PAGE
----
A research paper found in Frontiers in Medicine took a look at amalgam and composite fillings as well as a number of the factors which might lead them to fail.
Among the variables examined were age, sex, smoking, alcohol consumption, periodontal health, diabetes, and genes. 4,856 patients' dental records over five years were examined as a part of the study.
Below are a few of their findings.
Both filling types performed about the same, with composite showing slightly more durability
Composite fillings are the more modern, tooth-colored fillings, while amalgam is the traditional silver dental fillings that have been used by dentists for over a century. Over the course of their look into fillings, the team found that the failure rates for composite and amalgam filings were almost identical, with composite fillings doing slightly better (about 2.05% better at the 5-year mark).
Male smokers and those who drink have dental fillings fail at a higher rate
Smoking and drinking exhibited the most prominent interaction with the failing of fillings of the lifestyle choices examined. After having fillings for 2 years, the rate of failure was highest for individuals who were regular drinkers and in male smokers.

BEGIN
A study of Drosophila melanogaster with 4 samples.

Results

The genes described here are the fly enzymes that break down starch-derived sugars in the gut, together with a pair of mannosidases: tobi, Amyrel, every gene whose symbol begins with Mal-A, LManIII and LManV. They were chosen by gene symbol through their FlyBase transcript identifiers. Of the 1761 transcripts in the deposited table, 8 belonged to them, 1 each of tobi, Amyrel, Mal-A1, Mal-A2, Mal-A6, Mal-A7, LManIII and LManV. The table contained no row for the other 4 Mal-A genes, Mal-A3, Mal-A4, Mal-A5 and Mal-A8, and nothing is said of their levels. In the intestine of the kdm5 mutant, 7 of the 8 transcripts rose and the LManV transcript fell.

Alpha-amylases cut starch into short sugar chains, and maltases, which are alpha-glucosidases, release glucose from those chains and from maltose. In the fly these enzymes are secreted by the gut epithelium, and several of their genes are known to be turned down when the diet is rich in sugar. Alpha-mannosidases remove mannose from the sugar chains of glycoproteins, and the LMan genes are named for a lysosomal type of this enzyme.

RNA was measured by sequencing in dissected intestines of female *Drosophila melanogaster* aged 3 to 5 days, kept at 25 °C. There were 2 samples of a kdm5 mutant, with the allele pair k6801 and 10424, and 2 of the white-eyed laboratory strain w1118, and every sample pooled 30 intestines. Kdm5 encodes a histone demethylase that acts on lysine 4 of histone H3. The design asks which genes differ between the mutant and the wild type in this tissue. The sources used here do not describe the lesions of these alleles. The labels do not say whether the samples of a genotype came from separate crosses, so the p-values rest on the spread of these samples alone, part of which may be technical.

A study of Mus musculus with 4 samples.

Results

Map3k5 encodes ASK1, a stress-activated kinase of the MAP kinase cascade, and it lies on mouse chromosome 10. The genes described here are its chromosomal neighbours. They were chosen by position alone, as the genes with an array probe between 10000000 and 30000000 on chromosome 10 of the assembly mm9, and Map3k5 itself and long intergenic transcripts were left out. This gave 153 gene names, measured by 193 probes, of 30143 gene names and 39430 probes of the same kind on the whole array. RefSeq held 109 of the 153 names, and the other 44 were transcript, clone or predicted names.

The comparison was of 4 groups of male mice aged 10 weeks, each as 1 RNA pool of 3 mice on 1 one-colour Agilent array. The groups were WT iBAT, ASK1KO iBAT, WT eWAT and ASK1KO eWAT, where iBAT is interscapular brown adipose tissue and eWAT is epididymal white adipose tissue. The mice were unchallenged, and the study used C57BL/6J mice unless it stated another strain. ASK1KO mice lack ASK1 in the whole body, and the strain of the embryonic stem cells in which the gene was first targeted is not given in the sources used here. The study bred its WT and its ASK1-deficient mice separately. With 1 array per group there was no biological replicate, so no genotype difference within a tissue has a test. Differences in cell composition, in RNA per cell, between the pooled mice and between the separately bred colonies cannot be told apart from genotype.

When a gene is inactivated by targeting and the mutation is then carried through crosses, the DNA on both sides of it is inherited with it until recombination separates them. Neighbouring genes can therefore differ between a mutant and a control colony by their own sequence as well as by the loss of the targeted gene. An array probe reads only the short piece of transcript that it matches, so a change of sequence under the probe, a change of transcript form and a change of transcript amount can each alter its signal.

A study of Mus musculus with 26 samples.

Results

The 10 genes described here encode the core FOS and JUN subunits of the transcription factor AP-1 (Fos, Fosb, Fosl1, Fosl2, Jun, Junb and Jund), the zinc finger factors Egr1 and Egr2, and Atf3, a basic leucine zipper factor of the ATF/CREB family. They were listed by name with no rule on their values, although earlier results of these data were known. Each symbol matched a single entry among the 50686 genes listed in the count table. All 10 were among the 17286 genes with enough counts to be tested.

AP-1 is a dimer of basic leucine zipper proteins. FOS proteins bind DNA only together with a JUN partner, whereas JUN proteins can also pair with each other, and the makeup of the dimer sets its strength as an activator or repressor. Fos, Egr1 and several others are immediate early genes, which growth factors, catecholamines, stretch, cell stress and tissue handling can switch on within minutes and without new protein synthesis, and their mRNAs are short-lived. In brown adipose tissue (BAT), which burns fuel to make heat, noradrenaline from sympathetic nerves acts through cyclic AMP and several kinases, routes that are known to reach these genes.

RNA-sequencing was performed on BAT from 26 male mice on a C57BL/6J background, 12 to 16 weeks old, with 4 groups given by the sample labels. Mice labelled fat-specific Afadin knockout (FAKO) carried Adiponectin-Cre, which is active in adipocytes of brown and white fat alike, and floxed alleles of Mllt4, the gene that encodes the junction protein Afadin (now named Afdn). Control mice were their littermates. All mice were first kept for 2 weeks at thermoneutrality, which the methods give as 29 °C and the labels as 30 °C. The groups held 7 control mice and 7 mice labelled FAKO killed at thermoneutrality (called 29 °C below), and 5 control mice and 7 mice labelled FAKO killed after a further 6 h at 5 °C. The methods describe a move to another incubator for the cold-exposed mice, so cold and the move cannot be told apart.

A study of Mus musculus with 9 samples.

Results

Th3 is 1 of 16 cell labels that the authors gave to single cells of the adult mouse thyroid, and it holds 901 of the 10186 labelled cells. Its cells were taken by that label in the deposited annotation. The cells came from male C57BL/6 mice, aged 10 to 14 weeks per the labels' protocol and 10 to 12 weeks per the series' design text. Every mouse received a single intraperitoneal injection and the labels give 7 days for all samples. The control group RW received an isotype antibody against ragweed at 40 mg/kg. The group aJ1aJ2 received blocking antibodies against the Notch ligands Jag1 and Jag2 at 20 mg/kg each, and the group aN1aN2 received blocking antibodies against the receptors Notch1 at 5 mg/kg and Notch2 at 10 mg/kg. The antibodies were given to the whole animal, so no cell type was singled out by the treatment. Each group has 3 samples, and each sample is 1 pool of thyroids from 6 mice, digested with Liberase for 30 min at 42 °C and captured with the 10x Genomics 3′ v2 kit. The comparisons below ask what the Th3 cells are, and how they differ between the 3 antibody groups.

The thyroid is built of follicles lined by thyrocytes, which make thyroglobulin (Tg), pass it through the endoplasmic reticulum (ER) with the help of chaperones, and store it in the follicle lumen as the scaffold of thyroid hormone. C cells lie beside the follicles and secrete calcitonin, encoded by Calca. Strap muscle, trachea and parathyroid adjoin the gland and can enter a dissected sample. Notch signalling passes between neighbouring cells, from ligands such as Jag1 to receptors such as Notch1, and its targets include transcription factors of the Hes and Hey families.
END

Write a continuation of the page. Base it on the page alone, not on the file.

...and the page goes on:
Genetics may be partly responsible for fillings that fail
The gene for an enzyme that appears in teeth named MMP2 (matrix metalloproteinase) was examined by researchers involved in the study. Matrix metalloproteinase may degrade the attachment between a filling and tooth, according to the researchers. A person's genetic background may one day be a bigger element in dentistry, they suggested. "In the future, genetic information may be used to personalize dental treatments and enhance treatment outcomes," said Alexandre Vieira, one of the researchers.
The findings of the study further enforce the idea that white composite tooth fillings are a good replacement for traditional amalgam fillings. The links between lifestyle and the failure rate of fillings are something patients may like to keep in mind also.
If you haven't had your dental fillings looked at recently, consider scheduling your next exam with Dr. Sachs now.